Ethan Hunt (Tom Cruise) scales the world's tallest
building in Mission: Impossible—Ghost Protocol.
Mission: Impossible—Ghost Protocol is hopefully the beginning of a beautiful friendship. It's hard to say whether Brad Bird needed Ethan Hunt more, or if it was the other way around, but regardless, their first collaboration is one hell of an action movie.
Bird is the director of such animated hits as The Iron Giant, The Incredibles, and Ratatouille, and he was looking for a way into live-action filmmaking. Hunt, of course, is Tom Cruise's screen persona in the successful but fizzling franchise that was in dire need of some fresh, new energy. It seems both got what they wanted, and us viewers are the lucky recipients, for you won't find a more exciting and pure action flick than "Ghost Protocol".
After breaking out of a Russian prison, Hunt is directed to the Kremlin, where he'll rendezvous with his new team—Benji (Simon Pegg) and Jane (Paula Patton)—before breaking into Russian defense headquarters to track down a lead on some stolen nuclear codes. Unfortunately, they aren't the only people on this trail, and after a massive explosion destroys everything, the entire IMF is disbanded and disavowed, and Hunt and his team—including a new pickup, William Brandt (Jeremy Renner)—must find an alternate way, without any real resources, to stop an impending nuclear disaster.
The film takes us and its characters from Budapest to Moscow, from Dubai to India. Between that and the plot, it makes this film closer to the James Bond franchise than any other "Mission: Impossible" film. And as with most of the 007 movies, this one has a megalomaniacal villain (played by Mikael Nyqvist of the Swedish version of The Girl with the Dragon Tattoo fame) hell-bent on global destruction. He's the only aspect of the film that really doesn't work. His motivations are both underdeveloped and ludicrous (he's some kind of genius, yet he believes nuclear war will lead to eventual world peace….yeah, OK). Still, without him and his silliness, the plot would not have been as grand in scope as it is, so it's definitely a forgivable sin.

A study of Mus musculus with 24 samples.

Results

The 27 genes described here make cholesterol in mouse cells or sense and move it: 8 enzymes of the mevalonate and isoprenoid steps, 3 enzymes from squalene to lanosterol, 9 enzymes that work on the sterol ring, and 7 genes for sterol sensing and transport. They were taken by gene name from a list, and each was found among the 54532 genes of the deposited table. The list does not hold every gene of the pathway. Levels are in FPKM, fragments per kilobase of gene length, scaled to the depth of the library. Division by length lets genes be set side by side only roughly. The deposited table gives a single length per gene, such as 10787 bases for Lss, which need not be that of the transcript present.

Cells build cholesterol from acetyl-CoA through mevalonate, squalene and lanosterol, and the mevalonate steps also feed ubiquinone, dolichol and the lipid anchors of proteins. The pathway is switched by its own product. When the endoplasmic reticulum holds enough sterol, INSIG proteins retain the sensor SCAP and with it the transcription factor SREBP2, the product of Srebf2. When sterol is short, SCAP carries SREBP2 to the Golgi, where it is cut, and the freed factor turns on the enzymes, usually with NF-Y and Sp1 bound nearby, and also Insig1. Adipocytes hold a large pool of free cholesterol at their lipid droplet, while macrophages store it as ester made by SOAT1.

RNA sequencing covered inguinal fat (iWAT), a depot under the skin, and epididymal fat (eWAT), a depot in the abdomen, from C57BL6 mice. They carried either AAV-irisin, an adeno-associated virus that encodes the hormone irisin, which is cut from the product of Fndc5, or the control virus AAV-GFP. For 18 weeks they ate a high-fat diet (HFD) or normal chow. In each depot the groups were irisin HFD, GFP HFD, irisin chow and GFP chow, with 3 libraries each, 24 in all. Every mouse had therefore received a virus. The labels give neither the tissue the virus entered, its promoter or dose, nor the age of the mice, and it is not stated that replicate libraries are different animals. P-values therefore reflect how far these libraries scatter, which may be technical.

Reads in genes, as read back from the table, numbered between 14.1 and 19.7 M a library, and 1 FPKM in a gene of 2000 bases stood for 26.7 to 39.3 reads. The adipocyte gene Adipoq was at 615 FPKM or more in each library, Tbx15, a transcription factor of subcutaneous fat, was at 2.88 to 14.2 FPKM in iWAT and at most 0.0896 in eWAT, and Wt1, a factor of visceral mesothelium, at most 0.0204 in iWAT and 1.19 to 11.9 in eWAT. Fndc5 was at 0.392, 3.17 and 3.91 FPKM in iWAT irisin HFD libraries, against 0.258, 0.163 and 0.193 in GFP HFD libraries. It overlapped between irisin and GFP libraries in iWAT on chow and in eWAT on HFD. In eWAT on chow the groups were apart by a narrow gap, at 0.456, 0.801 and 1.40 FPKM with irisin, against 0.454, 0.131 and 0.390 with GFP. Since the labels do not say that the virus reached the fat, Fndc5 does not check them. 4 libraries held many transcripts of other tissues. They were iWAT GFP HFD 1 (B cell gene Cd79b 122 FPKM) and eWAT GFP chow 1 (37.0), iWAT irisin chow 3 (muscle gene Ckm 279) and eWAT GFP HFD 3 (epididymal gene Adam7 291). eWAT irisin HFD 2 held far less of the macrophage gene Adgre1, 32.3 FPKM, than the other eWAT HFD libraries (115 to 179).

The action is glorious, especially in non-3D IMAX, a format that's being utilized quite well by filmmakers of late. While in Dubai, Cruise scales the Burj Khalifa (the world's tallest building) with gloves that stick to the glass exterior. It's a jaw-dropping, vertiginous sequence, guaranteed to make you squirm in your seat with each little slide downward Hunt makes. Then there's the Kremlin bombing which is as impressively done as you'd expect from a filmmaker as respected as Bird. Though he's never worked with live people and special effects like this, it's clear the guy knows what he's doing.
The film does a great job organically connecting to the third film in the franchise. Gone is Hunt's wife (played in "M:I 3" by Michelle Monaghan), but her exit works its way into the plot very well. Luther Stickell (Ving Rhames) is no longer a member of Hunt's team, but he's not written off entirely. A welcome edition to the big leagues is Benji, who steps away from the desk he occupied in the third film, to provide much needed help to Ethan in the field. He's also, unsurprisingly, the source of 95% of the film's humor.
Is this the best "Mission: Impossible"? In IMAX, it certainly gives you the best theater experience of any of the four films. But I suspect it'll hold up quite well on regular screens and even at home. Action films this breathless just don't come along very often.